Thousands of people are being evacuated across Eastern Europe because of heavy flooding. Romania, Serbia, Bulgaria and Hungary have declared a state of emergency in flood-stricken regions.
As the floodwaters keep rising, officials in Romania are sounding alarms to warn villagers who live close to the Danube River that they must leave their homes. Many days of heavy rain and the melting of this winter's record snows have combined to send the Danube, the region's largest river, to the highest levels in more than 100 years.
On Monday, over three-thousand people were evacuated from the village of Rast and surrounding territory in southern Romania after the river breached a dam and flooded the area.
In many parts of the Balkans, beleaguered emergency crews and soldiers are struggling to keep embankments and sand barriers from giving way.
More than 44,000 hectares in southern Romania's wheat and corn growing regions are already under water. Officials say they will flood another 26,000 hectares this week to help protect heavily populated areas. Many people in the affected areas are poor farmers living in rundown homes without insurance.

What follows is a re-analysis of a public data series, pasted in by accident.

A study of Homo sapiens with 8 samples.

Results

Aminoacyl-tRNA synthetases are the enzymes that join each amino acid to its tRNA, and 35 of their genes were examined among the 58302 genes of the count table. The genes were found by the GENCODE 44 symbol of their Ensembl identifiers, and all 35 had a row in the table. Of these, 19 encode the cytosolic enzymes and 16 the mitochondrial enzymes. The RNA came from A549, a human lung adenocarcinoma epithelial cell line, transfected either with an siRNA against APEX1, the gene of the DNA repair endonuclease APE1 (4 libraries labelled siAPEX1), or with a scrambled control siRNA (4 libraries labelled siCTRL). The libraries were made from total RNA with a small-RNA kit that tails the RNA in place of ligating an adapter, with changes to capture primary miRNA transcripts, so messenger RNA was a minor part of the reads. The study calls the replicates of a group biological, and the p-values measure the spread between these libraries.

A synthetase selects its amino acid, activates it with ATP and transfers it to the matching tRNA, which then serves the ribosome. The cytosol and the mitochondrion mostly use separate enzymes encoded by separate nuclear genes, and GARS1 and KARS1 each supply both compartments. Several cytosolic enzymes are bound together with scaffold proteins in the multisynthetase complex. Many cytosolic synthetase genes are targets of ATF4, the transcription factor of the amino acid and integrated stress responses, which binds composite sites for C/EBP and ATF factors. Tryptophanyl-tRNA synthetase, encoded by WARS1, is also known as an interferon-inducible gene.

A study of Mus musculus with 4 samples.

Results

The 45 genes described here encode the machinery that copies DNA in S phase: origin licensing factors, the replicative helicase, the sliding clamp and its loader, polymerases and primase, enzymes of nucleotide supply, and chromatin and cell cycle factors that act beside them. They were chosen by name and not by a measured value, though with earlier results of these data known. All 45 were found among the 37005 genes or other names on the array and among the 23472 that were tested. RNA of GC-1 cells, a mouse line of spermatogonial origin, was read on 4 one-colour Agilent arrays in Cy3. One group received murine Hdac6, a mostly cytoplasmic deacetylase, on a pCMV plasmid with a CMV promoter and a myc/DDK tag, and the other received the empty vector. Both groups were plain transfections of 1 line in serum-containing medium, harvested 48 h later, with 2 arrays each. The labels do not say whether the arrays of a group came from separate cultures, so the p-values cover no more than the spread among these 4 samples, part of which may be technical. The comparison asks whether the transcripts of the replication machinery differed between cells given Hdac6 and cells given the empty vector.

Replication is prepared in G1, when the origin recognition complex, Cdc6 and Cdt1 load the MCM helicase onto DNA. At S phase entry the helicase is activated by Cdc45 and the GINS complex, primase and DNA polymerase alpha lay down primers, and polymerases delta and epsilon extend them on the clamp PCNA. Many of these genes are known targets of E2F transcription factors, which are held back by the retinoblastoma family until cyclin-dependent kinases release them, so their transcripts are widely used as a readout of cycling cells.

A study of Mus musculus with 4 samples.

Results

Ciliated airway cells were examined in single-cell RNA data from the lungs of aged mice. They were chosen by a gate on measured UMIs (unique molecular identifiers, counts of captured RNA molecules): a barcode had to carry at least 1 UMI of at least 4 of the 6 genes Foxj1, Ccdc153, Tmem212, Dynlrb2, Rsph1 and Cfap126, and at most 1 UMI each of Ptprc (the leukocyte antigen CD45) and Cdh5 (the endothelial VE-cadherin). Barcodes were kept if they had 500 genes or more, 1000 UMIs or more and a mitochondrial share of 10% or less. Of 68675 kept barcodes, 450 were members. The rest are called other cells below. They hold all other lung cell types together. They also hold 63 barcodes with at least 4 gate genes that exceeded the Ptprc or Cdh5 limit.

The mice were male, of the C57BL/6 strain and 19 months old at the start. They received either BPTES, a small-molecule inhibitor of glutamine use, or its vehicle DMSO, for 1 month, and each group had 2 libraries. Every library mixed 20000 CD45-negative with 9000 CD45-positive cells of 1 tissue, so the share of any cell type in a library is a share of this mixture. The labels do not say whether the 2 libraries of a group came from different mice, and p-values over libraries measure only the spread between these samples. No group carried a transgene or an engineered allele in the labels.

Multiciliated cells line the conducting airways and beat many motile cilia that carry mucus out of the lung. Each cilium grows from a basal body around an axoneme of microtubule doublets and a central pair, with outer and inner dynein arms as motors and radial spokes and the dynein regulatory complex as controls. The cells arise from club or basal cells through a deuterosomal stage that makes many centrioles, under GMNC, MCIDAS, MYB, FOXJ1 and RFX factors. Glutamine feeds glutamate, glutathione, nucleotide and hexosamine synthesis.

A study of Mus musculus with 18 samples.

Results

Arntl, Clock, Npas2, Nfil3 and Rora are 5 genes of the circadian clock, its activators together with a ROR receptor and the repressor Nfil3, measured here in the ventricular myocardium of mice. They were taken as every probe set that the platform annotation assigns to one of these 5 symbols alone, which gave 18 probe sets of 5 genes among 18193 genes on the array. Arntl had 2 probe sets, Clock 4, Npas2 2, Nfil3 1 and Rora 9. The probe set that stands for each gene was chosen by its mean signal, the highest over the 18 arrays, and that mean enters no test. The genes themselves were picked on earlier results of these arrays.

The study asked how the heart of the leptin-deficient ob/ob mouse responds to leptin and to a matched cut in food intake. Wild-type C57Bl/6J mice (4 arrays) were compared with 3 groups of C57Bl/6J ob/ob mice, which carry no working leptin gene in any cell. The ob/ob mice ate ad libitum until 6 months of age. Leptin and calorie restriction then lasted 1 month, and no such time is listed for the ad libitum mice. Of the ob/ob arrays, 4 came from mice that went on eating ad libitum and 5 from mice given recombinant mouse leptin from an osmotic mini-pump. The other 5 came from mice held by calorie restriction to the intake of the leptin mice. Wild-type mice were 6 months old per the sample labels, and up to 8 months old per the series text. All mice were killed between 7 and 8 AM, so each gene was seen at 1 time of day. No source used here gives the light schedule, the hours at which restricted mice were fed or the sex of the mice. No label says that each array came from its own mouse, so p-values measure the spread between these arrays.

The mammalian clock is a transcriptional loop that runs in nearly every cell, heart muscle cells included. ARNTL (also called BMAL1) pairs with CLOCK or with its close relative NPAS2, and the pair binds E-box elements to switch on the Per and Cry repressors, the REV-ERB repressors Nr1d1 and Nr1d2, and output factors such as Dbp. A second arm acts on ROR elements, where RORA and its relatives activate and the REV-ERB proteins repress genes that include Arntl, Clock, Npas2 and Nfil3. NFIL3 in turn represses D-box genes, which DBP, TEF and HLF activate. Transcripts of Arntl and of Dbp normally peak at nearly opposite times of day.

In neighboring Bulgaria, several port cities have been flooded. In Serbia several towns and villages are also trying to cope with floods. Even parts of the capital, Belgrade, located near the Sava River and the Danube, have been submerged, including the city's ancient fortress.
Hungary is also suffering under heavy flooding. Prime Minister Ferenc Gyurscany has rushed to oversee rescue efforts in central Hungary because of the flooding along the country's second largest river, the Tisza.
Mr. Gyurcsany, speaking in the central town of Szolnok, urges people to remain calm. He says he is confident that the floods will be contained and that the government has earmarked enough funds to supply emergency aid.
Flooding in the Balkans last year left dozens of people dead. This year officials in the region say they are doing all they can to keep the death toll down.